7 Tips for Better Oral Health in Children

We all want the best for our children. This is especially true when it comes to their health. We go to great lengths to make sure they eat the right foods and get the nutrition they need.

However, many parents do not show enough concern for the dental care of their children. They think the baby teeth are just temporary and that you don’t need to do as much to take care of them. While this might sound reasonable, it is far from the truth.

The dental care a child receives when they are young can do a lot to affect their teeth as adults. You also need to help your child establish good oral hygiene habits while they are young. This post will cover some of the things you can do to help your children care for their teeth.

1. It Starts with Brushing

Whether you are a child or an adult, good oral hygiene starts with brushing your teeth. Parents should brush an infant’s teeth as soon as they appear. As they get older, you need to teach your kids to brush. You should also make sure to supervise young children when they brush.

Beyond just teaching the steps of brushing teeth, you should talk to your children about brushing. Tell them to do it twice a day and make sure they know it is important. Talk about the consequences of poor oral hygiene and how they can benefit from brushing. It might even help to reinforce the behavior with the occasional reward.

2. Avoid Sweets


A balanced diet will go a long way toward helping your child live a healthy life. Parents should limit or avoid sugary foods and drinks. Manage how often they eat candies and cakes. Try not to allow juices with added sugar or soda pop. It isn’t that kids can never have any sweets. It’s just that they should not be a daily part of their diet.

3. Beyond Brushing

A child’s daily oral health routine should go beyond brushing. One step that can help a lot is flossing once a day. It is good for removing food that might get stuck between teeth. It can also help remove plaque from the gum line. Most dentists will tell you that parents should start flossing a child’s teeth around the age of two or three.

Mouthwash can also be beneficial for older children. It can reduce harmful bacteria in the mouth, and remove stuff that may have been left behind after brushing. With that said, you want to use children’s mouthwash. The general rule is that you should wait until a child is at least six to start using mouthwash unless recommended by a dentist.

4. Start Checkups Early


Start taking your kids to the dentist while they are young. It will make it seem like a routine part of life. Along with that, regular checkups and cleanings can be vital for maintaining the health of your child’s teeth. Some children will encounter oral health issues at a young age, so it is important to catch those issues early. Dentists can also offer treatments that can reduce the risk of cavities in young children.

5. Get More Fluoride

Many people fail to recognize the importance of fluoride. Whether it is for your teeth or the teeth of your children, it can do so much to improve dental health. That means you should make sure you have fluoride toothpaste for kids to use. If your tap water has fluoride, it will help. A fluoride rinse for older kids might also be beneficial.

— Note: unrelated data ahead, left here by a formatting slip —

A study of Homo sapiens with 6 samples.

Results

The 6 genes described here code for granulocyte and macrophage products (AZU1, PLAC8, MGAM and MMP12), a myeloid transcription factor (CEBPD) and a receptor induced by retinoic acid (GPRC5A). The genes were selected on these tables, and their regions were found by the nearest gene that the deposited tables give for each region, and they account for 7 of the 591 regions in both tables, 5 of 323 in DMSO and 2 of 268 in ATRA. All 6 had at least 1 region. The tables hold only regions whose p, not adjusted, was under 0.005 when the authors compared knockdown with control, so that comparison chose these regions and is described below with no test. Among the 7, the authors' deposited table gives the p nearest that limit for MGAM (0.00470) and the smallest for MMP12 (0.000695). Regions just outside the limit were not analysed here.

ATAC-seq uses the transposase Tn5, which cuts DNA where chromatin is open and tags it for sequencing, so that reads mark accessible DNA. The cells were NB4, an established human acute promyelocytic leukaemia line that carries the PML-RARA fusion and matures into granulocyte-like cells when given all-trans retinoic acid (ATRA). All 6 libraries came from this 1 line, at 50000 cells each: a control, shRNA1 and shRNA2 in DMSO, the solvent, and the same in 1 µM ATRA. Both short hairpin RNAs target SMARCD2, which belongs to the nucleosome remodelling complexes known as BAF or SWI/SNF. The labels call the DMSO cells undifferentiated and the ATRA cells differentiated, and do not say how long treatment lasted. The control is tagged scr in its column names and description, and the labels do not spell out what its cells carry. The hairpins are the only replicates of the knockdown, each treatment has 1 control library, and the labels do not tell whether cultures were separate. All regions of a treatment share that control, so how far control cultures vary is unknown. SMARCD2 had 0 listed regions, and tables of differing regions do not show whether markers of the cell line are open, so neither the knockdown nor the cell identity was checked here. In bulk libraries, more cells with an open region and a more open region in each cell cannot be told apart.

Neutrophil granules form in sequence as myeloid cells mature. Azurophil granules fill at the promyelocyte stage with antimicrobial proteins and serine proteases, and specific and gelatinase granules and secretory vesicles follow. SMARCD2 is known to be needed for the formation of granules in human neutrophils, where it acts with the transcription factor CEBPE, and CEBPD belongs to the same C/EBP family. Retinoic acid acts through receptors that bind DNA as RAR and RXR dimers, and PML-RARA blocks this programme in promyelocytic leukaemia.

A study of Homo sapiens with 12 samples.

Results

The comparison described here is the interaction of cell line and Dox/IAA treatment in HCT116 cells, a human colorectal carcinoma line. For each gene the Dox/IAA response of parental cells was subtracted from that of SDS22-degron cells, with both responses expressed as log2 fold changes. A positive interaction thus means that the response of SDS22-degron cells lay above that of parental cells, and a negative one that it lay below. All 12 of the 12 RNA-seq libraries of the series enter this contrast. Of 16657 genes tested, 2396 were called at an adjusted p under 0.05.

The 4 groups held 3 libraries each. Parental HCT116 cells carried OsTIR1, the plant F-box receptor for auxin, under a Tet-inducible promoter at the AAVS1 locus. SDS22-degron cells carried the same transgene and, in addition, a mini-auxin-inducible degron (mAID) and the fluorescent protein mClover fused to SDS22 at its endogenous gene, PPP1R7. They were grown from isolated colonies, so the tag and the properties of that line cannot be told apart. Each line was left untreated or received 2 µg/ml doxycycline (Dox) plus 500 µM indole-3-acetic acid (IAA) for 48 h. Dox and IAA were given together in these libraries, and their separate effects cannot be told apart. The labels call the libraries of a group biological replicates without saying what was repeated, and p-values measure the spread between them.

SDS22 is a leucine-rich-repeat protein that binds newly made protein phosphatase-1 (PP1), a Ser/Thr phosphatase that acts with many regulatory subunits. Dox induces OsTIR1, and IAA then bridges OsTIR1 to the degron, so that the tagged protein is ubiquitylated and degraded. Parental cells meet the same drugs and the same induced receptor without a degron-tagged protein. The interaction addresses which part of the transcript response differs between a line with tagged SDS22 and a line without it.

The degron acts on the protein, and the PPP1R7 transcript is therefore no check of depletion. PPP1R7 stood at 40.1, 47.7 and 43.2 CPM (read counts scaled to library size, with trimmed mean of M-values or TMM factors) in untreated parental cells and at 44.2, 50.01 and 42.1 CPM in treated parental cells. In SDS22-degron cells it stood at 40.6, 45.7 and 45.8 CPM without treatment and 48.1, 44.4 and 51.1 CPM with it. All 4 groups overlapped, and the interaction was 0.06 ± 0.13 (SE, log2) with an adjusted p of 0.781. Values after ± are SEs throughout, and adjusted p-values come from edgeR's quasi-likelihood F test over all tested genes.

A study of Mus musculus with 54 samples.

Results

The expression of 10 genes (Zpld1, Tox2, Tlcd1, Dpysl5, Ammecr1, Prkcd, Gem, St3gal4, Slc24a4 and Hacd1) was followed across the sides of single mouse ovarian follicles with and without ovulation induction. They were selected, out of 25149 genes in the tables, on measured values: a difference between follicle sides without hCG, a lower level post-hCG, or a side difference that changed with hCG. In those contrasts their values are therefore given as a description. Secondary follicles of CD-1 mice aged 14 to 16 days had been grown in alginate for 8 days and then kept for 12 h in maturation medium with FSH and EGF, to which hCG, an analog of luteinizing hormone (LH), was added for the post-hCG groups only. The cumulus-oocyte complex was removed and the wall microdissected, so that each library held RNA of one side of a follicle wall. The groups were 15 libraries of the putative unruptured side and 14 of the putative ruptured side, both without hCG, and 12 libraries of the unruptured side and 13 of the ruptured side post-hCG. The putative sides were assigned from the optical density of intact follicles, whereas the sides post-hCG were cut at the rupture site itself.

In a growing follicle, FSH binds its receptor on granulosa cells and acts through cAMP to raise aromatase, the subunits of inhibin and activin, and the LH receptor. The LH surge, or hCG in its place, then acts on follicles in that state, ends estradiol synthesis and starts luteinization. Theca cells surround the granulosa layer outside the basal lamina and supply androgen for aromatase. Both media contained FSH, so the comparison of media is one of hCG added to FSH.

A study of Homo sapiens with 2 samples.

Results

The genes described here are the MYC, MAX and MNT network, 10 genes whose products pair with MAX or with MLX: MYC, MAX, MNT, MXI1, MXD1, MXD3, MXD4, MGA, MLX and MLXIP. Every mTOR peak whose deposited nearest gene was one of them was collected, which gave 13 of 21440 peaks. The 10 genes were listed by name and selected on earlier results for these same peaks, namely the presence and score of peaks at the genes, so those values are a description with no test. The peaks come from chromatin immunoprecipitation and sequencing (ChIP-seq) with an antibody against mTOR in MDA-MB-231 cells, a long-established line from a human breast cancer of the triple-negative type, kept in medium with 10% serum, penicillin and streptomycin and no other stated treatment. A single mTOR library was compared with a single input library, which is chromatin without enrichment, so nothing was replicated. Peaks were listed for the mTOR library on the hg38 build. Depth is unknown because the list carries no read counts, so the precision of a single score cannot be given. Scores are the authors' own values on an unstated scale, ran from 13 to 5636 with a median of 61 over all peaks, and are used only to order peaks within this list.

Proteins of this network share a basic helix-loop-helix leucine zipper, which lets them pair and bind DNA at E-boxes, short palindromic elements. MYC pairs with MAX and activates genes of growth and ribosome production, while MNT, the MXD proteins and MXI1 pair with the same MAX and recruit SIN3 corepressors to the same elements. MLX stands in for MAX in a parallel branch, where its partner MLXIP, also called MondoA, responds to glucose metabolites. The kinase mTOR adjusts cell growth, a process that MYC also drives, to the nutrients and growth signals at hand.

According to a Castro Valley dentist, “Fluoride is vital for healthy teeth. It helps to harden the enamel and this makes it harder for acids to penetrate the teeth. By using toothpaste with fluoride and getting fluoride treatments, you can do a lot to prevent cavities in children.”

6. Encourage Openness

You need your children to tell you if they have a problem with their teeth. Some kids might not think a little pain is a big deal. Others might hide it because they don’t want to get treatment. You need to impress upon children the importance of telling you about issues they might have with their teeth. Tell them that treatment is important and that issues will only get worse if they don’t see a dentist.

Another reason why children aren’t open with their parents is that they fear they would get scolded for being responsible for the tartar. So, they keep hiding it. The solution for this is to smile before children once you discover they have got some issues and made them understand that the dentist would remove the pain within a few minutes without getting her/him in pain.

7. Maintain the Routine

Oral hygiene works when you maintain the routine every day. If your child tries to skip days or doesn’t always want to do every step, they won’t get the full benefit. You need to be consistent about brushing, flossing and other elements of dental care. If it is part of the everyday routine without exception, your child will just see it as another thing you do without questioning it.

Another point is to keep it going during vacation. Some people might let kids slack when they are out of town for a few days. However, you need to care for your teeth on vacation. It might be even more important because you might allow your child more sweets and treats while you are away.

As a final tip, set an example. Your kids will be more likely to accept oral hygiene if they see you doing it as well. You could even consider brushing and flossing together while your children are young.